Crashing – Fractures, Tears and Concussions.

September 29th, 2017

We know it can be career ending. We understand there can be psychological damage and yet we embrace, relish and feed off the risk every time we snap into our ski bindings and launch ourselves from the start gate.

It was my fourth training run of the day, a blue sky glacier morning, crispy icy snow – a ski-racers dream.

Bite and grab onto the surface as you roll from edge to edge with bursts of acceleration on the ice as the ski flattens. Fast snow means more speed into the turns, more speed into the turns means greater forces through the body, greater forces means more resistance and Newton’s third Law ‘for every action, there is an equal and opposite reaction’ propels you into the next arc.

The terrain was textbook. Steep icy pitch followed by a key flat section creating the infamous compression.
Two options were available. Work on consistency, maintaining discipline from start to finish, minimising mistakes or run a straight line into the steep, feel the forces acting through the body and find a line that will win races this winter.

Carrying speed out of these compressions is where competitions are won or lost. Risk is a necessity. It may only be training but if you can’t find the speed in training you definitely won’t touch it on race day.

86km/h was my GPS speed as I flew directly and aggressively down the steep into the compression. It was my highest speed of the morning, but I could feel that my body was twisted.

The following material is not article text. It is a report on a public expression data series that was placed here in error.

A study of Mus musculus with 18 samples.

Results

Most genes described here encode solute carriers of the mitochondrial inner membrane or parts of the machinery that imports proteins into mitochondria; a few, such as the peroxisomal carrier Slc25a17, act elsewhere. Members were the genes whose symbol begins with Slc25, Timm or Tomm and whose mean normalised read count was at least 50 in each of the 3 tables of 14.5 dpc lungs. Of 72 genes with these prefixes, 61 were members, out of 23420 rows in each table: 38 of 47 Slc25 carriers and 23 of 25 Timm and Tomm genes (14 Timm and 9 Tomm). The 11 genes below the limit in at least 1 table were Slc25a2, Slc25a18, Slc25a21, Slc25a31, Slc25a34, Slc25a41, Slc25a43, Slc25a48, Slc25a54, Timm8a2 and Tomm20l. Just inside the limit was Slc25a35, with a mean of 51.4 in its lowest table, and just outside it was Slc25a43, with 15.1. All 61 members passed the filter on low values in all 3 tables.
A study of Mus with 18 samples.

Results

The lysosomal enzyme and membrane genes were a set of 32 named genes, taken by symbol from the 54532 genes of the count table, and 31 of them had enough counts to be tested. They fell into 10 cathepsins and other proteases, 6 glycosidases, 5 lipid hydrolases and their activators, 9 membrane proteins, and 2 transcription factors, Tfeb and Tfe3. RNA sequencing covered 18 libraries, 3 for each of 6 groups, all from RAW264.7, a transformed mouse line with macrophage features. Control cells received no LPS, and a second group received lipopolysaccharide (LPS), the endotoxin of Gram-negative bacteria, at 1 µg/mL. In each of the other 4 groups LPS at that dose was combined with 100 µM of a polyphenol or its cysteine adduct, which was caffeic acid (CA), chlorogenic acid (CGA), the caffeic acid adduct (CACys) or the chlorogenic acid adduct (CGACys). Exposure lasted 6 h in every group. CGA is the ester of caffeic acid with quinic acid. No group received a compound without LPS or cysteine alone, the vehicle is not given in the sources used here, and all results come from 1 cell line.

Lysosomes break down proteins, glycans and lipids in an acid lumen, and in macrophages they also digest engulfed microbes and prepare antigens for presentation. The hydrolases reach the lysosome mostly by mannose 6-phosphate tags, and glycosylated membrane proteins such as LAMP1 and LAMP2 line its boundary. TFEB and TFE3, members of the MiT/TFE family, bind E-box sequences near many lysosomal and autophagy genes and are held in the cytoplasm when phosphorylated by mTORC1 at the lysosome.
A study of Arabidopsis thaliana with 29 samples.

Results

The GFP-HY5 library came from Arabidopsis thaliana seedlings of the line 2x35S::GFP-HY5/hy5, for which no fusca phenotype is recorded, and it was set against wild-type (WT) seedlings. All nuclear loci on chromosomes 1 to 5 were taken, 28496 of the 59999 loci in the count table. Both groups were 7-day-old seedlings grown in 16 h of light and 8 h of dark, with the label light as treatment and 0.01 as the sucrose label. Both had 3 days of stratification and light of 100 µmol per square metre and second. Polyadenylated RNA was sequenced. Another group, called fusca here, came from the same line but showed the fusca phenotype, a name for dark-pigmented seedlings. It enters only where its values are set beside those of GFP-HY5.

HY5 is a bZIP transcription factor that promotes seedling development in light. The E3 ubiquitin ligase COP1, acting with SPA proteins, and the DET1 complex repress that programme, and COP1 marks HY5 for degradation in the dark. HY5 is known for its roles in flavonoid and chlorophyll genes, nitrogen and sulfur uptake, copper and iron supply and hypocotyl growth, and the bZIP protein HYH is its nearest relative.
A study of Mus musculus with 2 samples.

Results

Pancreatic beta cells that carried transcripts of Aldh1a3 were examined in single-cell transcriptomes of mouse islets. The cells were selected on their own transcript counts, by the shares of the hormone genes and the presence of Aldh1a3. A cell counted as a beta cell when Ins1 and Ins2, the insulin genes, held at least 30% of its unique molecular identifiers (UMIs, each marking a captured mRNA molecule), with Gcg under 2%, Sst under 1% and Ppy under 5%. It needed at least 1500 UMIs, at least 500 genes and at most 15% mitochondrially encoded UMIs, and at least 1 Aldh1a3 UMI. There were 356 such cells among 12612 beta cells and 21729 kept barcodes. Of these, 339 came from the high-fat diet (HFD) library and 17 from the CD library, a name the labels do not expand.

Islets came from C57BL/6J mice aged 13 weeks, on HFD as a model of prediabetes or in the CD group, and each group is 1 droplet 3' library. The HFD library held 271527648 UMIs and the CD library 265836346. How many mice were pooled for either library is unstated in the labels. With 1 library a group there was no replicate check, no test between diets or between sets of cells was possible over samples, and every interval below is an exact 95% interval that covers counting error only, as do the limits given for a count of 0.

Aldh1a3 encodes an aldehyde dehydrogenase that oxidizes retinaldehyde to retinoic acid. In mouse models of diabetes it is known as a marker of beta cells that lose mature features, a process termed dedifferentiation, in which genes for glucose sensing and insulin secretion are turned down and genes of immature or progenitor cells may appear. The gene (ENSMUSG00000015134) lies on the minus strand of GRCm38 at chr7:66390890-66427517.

Core strength is a key component of land training to counter this, but nothing can train for these forces. My line was off and discipline compromised. I was vulnerable.
I couldn’t hold any longer and everything slowed. It started through my right arm, then back, head and knee. I rolled twisted and rattled before sliding to a halt.
I spend every day of the year connecting mind and muscle through training, and I knew something was wrong. My femur collided with force into my tibia; the cartilage had splintered leaving the joint raw and bare. I was flown home for surgery.


Ski racing is unpredictable – every run is different. At high altitude each breath counts and one lapse in focus can put you out of the game.

Why do it…? Because winning is worth it.